Jeff Croft

I’m a product designer in Seattle, WA. I recently worked at Simply Measured, and previously co-founded Lendle.

Some of my past clients include Facebook, Microsoft, Yahoo, and the University of Washington.

I’ve authored two books on web and interactive design and spoken at dozens of conferences around the world.

I’m currently accepting contract work and considering full-time opportunities.


  • Blog entry // 05.08.2010 // 3:50 PM // 112 Comments

    On the Android Flash demo at FlashCamp Seattle

    Yesterday, I moderated a panel discussion on HTML5 and Flash at FlashCamp Seattle, a nice little event put together by the smart people at Universal Mind. It was a good time. For a web standards-oriented designer/developer like myself, it was cool to see how the other half lives and what drives them. There are a lot of good and talented people in the Flash community, and it was awesome to get to meet some of them. The panel went well, and I’d like to put together a blog entry on the conclusions the panelists were able to draw — but not today. Today, I want to talk about something else that happened at FlashCamp Seattle.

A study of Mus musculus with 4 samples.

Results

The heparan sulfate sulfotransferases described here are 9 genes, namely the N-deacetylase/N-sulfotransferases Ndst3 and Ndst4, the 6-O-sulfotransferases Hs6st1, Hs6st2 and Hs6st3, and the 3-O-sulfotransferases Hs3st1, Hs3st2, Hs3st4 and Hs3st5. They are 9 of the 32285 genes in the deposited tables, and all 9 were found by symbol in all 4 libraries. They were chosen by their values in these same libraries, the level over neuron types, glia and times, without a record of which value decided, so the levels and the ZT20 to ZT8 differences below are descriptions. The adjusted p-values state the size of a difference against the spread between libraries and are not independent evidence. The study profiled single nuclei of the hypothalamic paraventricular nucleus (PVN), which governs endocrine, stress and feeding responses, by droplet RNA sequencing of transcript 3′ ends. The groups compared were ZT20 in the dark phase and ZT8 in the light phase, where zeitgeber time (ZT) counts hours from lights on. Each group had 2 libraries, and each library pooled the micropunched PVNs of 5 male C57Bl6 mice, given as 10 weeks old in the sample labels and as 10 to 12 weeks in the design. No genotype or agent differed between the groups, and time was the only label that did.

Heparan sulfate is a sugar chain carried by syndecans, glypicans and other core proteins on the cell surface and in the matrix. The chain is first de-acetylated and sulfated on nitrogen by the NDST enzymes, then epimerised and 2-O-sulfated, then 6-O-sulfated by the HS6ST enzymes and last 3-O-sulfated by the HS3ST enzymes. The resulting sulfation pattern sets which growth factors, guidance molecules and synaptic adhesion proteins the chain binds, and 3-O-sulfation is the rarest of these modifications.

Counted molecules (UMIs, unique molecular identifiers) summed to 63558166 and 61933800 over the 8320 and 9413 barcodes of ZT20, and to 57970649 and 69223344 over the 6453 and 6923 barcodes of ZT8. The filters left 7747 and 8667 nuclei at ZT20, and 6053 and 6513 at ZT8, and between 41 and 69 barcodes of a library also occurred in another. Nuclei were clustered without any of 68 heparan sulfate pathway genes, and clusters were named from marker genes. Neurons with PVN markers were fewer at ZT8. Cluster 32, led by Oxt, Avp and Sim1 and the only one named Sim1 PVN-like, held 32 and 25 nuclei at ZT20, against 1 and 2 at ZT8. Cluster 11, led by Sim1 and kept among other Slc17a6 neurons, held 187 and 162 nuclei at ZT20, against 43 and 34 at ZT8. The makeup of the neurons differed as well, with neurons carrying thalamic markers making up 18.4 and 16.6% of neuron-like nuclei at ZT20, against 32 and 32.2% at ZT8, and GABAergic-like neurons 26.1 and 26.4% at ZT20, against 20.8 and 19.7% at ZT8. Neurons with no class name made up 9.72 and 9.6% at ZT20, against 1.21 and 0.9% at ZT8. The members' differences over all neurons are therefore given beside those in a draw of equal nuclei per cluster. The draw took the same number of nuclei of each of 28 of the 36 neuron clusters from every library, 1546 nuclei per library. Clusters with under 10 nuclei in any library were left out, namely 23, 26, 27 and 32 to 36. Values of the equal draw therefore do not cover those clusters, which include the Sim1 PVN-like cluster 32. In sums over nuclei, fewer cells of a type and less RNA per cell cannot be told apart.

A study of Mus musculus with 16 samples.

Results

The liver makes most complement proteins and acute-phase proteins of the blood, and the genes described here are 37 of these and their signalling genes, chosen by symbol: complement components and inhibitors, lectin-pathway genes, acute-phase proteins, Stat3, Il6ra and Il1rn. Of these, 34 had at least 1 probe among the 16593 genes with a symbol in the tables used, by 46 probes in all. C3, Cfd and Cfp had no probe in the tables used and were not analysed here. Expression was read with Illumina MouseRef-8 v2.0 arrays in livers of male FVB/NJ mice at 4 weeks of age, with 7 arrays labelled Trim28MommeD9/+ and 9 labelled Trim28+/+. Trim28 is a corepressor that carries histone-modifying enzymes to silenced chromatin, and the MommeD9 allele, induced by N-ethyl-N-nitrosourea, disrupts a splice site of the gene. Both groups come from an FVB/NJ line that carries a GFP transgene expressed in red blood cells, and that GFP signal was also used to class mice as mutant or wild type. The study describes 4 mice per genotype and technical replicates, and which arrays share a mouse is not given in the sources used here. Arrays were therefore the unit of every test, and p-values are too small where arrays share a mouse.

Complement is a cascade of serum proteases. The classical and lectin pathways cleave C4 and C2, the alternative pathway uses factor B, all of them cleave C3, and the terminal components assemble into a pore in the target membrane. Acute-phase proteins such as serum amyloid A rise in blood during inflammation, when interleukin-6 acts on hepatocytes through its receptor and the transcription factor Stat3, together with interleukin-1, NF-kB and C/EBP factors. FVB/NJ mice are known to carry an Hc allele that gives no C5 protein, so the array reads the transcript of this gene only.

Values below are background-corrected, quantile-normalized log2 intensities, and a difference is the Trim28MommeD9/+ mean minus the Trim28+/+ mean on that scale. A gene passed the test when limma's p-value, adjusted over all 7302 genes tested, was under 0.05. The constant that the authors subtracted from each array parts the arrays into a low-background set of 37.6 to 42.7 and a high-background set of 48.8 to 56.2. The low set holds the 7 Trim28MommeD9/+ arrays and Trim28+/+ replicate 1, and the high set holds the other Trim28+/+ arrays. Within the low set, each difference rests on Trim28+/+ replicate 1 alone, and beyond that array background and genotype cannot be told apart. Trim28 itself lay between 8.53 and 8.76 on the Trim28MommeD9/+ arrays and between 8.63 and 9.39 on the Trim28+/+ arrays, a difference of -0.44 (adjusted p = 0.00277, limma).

In the opening keynote, Ryan Stewart, a Flash Platform evangelist at Adobe, demoed Flash Player 10.1 running on his Nexus One phone. When I realized he was going to show it, I got excited — I’ve been wanting to see how well Flash really works on a phone for years.

  • Blog entry // 02.01.2010 // 8:26 PM // 30 Comments

    On Flash

    In the days since the iPad’s announcement, there’s been an ongoing discussion going on in web circles about what its lack of support for Flash means for that technology, for Adobe, for video on the web, and frankly, for the web as a whole. I’m not really sure why this debate didn’t rear it’s head when the iPhone was introduced, or when Android was introduced, or when Palm’s WebOS was introduced (since all three didn’t include Flash support), but whatever. The iPad is here and we’re talking about it now, so here are some off-the-cuff, not very well-thought-out thoughts on the matter.